1. not concrete: not relating to concrete objects but expressing
something that can only be appreciated intellectually
2. theoretical: based on general principles or theories rather than
on specific instances
3. arts nonrepresentational: not aiming to depict an object but
composed with the focus on internal structure and form
Encarta ® World English Dictionary © & (P) 1998-2005 Microsoft
Corporation. All rights reserved.
As most of you know, I love photographic abstracts. My preference is
abstracts of nature which were created with a creative eye, and very
little digital darkroom manipulation. That often requires an eye for
light and shadow, or texture and contrasts, and even rhythms and
flows. Sometimes a flair for geometric shapes helps.
Below are four fine examples of images that are paired down to
representations of real subjects, while remaining apart from the
Today’s visiting photographer abstracts are pure in their nature. They
are difficult to tell in most cases, what they actually are in life.
That’s one of the charms of “pure abstracts”. They are reduced to
form, light, color and rhythm. We are not confused by what they
I enjoy immensely all of them but I will say I have a favorite and that is
the third image. These appear to be ripples in the water and way the
light and color dance over the top is delightful.
I also really love Cemal’s image of blue on black. This appears to be
a visually selected and artistically treated image of something
man-made. We humans make an uncountable number of objects which
translate beautifully into abstracts.
I have shared many of my own abstracts on these pages that were
ambiguous as to what they actually were. Total abstracts! Today I went
for the abstract treatment of subjects which are fairly obvious. I
have used them for examples because when I made them, I approached
photographing the subject in the same way I did when I made pure
abstracts. In other words, they ceased to be what they are, and were
transformed into color, shape, lines and texture.
How we compose and/or frame subjects like grasses or flower groups,
transforms them from common subjects to unique. You could argue that
all subjects both great and small, become abstractions when we move in
close enough that they become color or texture or lines.
Sometimes it is difficult to see the trees for the forest.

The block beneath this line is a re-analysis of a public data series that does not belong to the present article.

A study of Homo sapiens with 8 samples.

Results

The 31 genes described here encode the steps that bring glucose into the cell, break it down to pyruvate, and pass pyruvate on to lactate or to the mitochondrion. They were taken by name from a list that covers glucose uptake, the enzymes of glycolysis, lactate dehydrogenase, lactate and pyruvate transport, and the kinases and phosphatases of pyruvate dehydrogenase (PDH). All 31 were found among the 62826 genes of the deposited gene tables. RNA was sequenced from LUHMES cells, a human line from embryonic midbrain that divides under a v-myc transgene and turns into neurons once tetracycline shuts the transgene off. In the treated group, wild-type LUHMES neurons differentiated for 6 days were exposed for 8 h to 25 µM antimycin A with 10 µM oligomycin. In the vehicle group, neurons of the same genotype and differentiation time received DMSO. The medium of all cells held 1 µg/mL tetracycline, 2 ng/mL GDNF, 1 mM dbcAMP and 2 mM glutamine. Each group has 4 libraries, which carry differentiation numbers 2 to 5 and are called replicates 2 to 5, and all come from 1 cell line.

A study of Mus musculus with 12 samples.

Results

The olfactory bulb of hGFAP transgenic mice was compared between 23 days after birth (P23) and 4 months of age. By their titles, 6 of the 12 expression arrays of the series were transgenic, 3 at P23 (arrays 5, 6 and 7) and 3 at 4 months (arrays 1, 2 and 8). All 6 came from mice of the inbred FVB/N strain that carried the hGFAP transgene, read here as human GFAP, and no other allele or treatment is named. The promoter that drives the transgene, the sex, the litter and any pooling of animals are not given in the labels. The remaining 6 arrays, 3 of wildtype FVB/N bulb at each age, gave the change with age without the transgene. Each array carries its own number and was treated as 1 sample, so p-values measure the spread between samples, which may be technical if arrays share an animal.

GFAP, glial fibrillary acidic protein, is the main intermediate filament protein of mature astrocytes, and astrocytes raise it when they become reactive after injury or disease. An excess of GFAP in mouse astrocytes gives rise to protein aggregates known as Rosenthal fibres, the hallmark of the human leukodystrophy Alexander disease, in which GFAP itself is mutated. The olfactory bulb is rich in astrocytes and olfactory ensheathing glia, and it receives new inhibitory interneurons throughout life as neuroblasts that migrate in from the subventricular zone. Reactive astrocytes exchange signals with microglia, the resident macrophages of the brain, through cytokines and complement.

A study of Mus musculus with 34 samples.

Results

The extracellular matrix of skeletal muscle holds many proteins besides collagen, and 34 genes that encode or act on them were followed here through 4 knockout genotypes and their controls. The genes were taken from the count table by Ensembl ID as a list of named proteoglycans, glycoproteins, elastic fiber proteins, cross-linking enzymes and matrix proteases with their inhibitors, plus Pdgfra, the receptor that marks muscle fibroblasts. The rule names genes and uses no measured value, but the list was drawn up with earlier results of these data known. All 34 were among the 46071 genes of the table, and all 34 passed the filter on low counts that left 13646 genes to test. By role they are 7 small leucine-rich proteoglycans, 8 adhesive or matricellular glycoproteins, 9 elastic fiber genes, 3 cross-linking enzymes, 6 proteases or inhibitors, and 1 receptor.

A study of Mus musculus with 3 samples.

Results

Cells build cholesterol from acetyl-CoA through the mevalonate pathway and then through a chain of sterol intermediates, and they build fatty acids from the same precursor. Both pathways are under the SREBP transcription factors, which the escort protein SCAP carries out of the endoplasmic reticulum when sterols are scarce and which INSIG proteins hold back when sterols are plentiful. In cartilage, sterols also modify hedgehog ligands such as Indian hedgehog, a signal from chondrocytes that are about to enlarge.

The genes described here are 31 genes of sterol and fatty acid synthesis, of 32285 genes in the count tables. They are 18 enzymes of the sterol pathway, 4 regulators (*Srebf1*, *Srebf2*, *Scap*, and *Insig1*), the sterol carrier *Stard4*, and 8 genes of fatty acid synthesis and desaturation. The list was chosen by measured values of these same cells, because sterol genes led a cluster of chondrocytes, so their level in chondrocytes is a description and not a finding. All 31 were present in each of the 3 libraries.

To me, ice is almost always a visual abstraction. If anything, the
open bit of water brings this patterned and textured scene back into
the real world.
This next ice scene may be the most purely abstract image from among
my own, that I am sharing with you today. Sometimes rhythm makes the
scene, but at times “helter skelter” can be visually stimulating.
Okay, I say frost in and of itself is an abstract type of subject, but
with bushes and trees? That’s just a frosty roadside scene! Right?
There was a million (well almost) ways to compose pictures at this
location on that day. As the photographer (interpreter), all I saw was
tones and patterns. The fact that they are obviously trees was
irrelevant to the fact that I captured what I saw. The literal
subject, meant little to me.
Clouds and skies are pretty ordinary subjects, but they do many
extraordinary things. I was attracted far more to the blue sky and
silver clouds than I was to whole “the scene” that contained grassy
meadows. So I left out everything that was not sky or cloud.
These rocks, with all their texture and color, which were helped by a
low level late afternoon sun, are automatic abstracts. A real life
“ordinary” subject to most, but an “other worldly” subject to me.
Leaves are certainly ordinary subjects. Most of us see them every day
with the exception of some snowy winter days. How often do we actually
look at leaves.
Leaves up close, especially autumn leaves, are my favorite abstract
view of an obvious and ordinary subject.
A Navajo Sandstone land arch is never a common subject for a
photograph. There are not enough of them in existence to be common. At
times when I photographed them, they became more of a contrast between
warm colored rock, and cool blue sky than they were arches. Rough
warm rock with a cool blue hole in the middle.
We find our own abstractions in our own way.
I have shared a lot of images of this waterfall over the years. To me,
some of those images say Morgan Falls, and some like this, say soft
water with movement, and hard rock that is standing still.
Contradictions everywhere. Visual contradictions can be and form of
I will bet you this, if I was working with ten other photographers (I
wasn’t) when I made this photo, none of them would have made the same
image you see below. Of course, very likely each and everyone of them,
would have made images that would have never occurred to me as well.
We each see what we each see. It is up to each of us to capture and
share our own personal vision.
If your in the business of selling images, you will no doubt, have to
compromise what you create and how your create it, in a effort to make
a sale. At times, you may be on assignment and then you owe it to
those who hired you, to bring back what they want and what they need.
In addition to commercial assignments, I have already made fine art
images as a paid assignment. Otherwise, making images or doing
anything in the creative realm, is the perfect and proper time to be
selfish and follow your creative instincts. Learn the technology and
how to react quickly and decisively, and then satisfy your urges and
Become an abstractionist if you wish.